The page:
Top medications posing danger to seniors

By July 11, 2012Archives

As your loved one gets older, their health can begin to deteriorate. Due to this process, doctors may opt to utilize specific medications in an effort to control problems that arise. In fact, recent studies show that up to 40% of people age 65 and older are prescribed five to nine separate medications on a daily basis. While the medications do a good job controlling disease, they also create an opportunity for accidents to occur.

Meds for Concern

There are four main groups of medication that can pose a danger to seniors. These groups are:

  • Warfarin: This medication is responsible for causing the most visits to the emergency room, or around 33% of all ER visits by seniors. Warfarin is an anticoagulant, commonly referred to as blood thinner. Due to this action, excess bleeding is a serious side effect for seniors.
  • Insulin: Insulin injections are a daily necessity for type I diabetic seniors. It is responsible for 14% of all ER visits. When seniors accidentally take too much insulin, it can cause extremely low blood sugar levels, or hypoglycemia. When someone experiences hypoglycemia, it can cause unconsciousness or seizures due to the low blood glucose level.
  • Oral Diabetes Medications: Oral diabetes medications are behind approximately 11% of ER visits. These medications work by lowering the amount of glucose in the body. Type II diabetes is usually managed by taking these oral medications.

Why Are These Medications So Dangerous to Seniors?

There are many different reasons seniors face problems when administering their medications at home. It is vital for family members to be aware of the medication administration schedule for seniors and provide some supervision over the process to ensure safety. Some of the most common reasons seniors face medication dangers are:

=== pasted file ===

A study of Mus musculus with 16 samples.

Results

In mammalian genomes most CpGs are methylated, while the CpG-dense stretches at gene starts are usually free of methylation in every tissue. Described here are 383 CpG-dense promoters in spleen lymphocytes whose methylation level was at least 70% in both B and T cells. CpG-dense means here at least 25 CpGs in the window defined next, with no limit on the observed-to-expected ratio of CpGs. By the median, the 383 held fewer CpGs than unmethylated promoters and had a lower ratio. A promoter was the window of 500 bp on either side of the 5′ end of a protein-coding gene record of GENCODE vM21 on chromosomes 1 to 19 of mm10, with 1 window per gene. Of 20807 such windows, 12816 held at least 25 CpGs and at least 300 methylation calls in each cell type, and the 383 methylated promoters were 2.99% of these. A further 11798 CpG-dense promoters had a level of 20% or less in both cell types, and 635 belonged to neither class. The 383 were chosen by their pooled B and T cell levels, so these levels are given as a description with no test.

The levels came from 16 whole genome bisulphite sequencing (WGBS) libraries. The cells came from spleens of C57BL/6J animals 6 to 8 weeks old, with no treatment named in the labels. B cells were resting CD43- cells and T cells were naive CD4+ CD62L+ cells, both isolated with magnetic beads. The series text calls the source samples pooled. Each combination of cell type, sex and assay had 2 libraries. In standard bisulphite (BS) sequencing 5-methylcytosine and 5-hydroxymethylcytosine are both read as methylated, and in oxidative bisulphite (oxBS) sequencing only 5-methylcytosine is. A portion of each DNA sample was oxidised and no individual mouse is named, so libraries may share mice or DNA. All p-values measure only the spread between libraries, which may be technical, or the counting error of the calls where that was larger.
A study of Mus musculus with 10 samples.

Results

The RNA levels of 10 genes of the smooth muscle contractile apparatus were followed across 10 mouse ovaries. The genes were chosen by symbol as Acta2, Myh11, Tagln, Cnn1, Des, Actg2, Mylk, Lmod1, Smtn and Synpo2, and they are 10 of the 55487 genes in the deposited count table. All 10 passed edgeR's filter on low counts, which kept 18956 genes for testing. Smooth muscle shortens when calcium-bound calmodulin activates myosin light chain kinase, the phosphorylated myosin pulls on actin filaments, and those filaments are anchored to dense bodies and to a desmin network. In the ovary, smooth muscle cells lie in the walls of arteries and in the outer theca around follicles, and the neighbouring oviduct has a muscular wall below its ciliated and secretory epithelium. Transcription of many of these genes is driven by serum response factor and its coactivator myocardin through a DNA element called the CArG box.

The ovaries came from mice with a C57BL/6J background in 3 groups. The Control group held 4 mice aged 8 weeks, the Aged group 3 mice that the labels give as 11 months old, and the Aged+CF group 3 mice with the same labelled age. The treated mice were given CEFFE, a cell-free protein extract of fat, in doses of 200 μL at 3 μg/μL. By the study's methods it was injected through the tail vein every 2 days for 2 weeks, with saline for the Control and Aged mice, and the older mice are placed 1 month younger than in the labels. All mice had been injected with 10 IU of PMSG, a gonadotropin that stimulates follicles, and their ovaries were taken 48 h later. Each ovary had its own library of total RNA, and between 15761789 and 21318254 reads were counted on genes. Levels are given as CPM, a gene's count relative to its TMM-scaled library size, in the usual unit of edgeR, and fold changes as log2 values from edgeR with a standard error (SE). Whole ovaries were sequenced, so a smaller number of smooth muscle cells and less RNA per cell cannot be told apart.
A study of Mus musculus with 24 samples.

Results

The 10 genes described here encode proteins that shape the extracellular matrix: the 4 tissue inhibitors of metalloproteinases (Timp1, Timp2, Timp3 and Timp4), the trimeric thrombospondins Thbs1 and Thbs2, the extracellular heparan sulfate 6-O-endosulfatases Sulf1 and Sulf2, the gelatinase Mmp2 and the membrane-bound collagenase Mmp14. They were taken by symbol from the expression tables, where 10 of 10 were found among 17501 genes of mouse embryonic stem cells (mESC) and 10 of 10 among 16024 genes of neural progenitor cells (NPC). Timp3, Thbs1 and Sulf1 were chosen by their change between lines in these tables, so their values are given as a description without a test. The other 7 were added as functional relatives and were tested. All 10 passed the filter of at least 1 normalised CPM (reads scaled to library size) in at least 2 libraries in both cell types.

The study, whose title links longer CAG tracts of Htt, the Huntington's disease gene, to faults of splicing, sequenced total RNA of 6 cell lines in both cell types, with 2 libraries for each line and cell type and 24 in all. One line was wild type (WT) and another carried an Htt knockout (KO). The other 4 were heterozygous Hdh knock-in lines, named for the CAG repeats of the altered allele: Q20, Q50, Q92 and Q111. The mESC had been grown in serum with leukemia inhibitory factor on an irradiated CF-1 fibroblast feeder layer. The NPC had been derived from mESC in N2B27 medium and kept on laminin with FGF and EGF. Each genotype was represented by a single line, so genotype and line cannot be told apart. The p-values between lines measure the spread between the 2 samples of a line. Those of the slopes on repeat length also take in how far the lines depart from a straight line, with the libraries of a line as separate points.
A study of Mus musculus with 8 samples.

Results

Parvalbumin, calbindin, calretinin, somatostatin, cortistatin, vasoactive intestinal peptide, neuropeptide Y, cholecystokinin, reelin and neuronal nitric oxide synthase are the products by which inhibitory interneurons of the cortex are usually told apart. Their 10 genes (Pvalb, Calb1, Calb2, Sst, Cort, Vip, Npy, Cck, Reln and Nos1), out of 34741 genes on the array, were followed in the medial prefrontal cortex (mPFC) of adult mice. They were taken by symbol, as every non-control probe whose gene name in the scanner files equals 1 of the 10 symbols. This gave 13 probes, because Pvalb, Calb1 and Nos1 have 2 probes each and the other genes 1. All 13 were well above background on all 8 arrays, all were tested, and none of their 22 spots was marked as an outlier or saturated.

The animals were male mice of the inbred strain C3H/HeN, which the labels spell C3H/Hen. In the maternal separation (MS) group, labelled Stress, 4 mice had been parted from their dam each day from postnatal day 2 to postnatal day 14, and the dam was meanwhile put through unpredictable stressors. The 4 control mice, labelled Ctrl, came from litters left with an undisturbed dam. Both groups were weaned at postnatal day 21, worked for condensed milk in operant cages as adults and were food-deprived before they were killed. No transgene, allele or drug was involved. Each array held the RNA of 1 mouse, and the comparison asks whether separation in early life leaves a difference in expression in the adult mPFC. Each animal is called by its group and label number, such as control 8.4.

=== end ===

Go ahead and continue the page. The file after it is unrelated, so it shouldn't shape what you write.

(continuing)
• With side effects having more profound effects to seniors, it takes only a small amount of error in medication administration to create a hazardous dose for many elderly people.
  • Many of the tools required for insulin administration are difficult for seniors to use. For example, insulin is given by using a very small syringe labeled with units of measurement on the syringe. For many older adults, it is almost impossible to correctly see the number of units being given.
  • Diabetes is a disease that requires blood testing in order to discover how much glucose is in the body. Many seniors have great difficulty testing their blood glucose levels using a glucometer. Seniors may experience problems such as a lack of blood from the test site, or an inability to keep a steady hand when attempting to test.
  • Drug interactions also pose a problem for many seniors. For example, warfarin can have an influence on many different medications.